Learning how to see the world

I picked up the habit of watching from my dad.

I remember being somewhere around the age of ten or eleven. My dad had just picked me up from school and we were driving home in his work truck. At one point he leaned towards the wheel, looking up at the sky, and said, “Hey Meg, what do you see up there?”

“Up where?” I asked as I searched the horizon for something out of the ordinary. Maybe a plane flying close to the ground, or a big bird.

“In the clouds up there,” he said glancing at me, lifting his eyebrows, a grin spreading across his face. When he smiled his teeth peeked out from beneath his mustache.

I looked up again, searching the clouds for some sort of identifiable shape. Maybe a circle or a square. Something easy to point out.

“I don’t know,” I sighed,  “Over there I see something that kind of looks like a watermelon?”

My dad’s grin widened. “That’s pretty good Meg!”

I re-settled in my seat, content that I’d found something, ready to be done. I’d never been good at this kind of thing. In kindergarten, my class had to do a similar activity, but instead of looking for shapes in the clouds, we were looking for shapes in abstract watercolor paintings. When it was my turn to sit with Mrs. Nohavic, I copied what I’d heard the boy before me say. “I see a worm right there.”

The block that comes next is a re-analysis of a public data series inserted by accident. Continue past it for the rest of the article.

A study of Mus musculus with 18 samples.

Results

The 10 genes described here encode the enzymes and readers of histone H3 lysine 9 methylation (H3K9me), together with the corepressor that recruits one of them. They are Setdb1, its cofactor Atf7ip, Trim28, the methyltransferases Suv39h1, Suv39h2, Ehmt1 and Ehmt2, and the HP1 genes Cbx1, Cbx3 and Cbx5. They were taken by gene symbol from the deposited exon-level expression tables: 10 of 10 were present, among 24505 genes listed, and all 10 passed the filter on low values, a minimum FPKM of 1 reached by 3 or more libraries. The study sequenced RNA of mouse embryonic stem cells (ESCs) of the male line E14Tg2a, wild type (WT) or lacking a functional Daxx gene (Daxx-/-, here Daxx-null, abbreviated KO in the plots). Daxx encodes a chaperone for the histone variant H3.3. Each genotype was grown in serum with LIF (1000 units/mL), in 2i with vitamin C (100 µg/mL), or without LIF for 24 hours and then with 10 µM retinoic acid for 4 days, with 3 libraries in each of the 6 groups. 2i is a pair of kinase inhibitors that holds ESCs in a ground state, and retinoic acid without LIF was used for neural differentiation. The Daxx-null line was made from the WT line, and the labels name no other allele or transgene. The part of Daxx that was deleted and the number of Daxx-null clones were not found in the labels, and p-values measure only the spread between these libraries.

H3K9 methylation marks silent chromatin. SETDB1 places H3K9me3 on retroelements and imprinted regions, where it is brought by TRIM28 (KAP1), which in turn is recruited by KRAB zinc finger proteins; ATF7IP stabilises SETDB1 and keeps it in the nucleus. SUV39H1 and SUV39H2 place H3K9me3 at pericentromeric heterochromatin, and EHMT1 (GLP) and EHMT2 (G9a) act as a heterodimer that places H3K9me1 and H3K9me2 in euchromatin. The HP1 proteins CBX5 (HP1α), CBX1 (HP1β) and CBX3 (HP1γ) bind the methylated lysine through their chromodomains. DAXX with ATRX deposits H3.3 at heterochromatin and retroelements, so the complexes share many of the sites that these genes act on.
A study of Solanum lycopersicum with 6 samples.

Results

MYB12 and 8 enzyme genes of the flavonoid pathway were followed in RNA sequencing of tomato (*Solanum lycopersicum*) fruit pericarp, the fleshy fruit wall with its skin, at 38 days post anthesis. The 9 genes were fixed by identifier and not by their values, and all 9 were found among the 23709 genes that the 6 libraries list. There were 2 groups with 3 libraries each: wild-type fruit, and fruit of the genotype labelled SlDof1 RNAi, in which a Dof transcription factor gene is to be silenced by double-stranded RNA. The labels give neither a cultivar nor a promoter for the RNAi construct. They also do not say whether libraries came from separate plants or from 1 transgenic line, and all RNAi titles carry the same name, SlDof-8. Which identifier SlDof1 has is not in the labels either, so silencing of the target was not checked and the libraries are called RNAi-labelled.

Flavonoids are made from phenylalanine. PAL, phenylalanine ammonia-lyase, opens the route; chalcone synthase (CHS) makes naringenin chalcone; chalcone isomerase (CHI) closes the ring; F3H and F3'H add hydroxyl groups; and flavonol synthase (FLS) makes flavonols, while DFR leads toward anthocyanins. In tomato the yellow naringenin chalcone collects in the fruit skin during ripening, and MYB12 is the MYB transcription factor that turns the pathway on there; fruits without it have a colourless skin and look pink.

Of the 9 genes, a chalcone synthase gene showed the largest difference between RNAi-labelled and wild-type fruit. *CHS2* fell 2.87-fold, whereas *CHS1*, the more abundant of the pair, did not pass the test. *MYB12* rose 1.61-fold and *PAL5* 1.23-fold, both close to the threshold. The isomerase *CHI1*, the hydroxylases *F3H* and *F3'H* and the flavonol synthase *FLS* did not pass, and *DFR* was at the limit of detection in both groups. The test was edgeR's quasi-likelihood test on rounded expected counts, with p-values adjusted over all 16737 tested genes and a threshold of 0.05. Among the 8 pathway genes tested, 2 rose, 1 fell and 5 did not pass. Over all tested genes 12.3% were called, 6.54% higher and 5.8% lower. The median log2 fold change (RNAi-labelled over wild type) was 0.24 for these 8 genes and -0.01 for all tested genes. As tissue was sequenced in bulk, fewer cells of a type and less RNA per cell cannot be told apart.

Mrs. Nohavic proceeded to show me that my painting had a man and a woman in it. She outlined their bodies in permanent marker so I wouldn’t lose track of them.

I’d had a strong dislike for creative seeing ever since.

“Want to know what I see?” My dad asked, the blue of the sky reflecting from the blue of his eyes as he leaned even closer to the steering wheel. “Over there,” he said pointing, “I see a clown with a sad face, and over there,” he pointed to another section of cloud, “a pickle with a bite taken out of it.

I watched the clouds churning above us, searching desperately to see what he saw.

And then it happened. Like a Rubin’s vase or an optical illusion jumping out of the sky.

“I see it! I see the pickle!” I said happily as I leaned forward to look up again.

It only took a few seconds until I started calling out other shapes: a castle, an ice cream cone, a dog chasing its tail.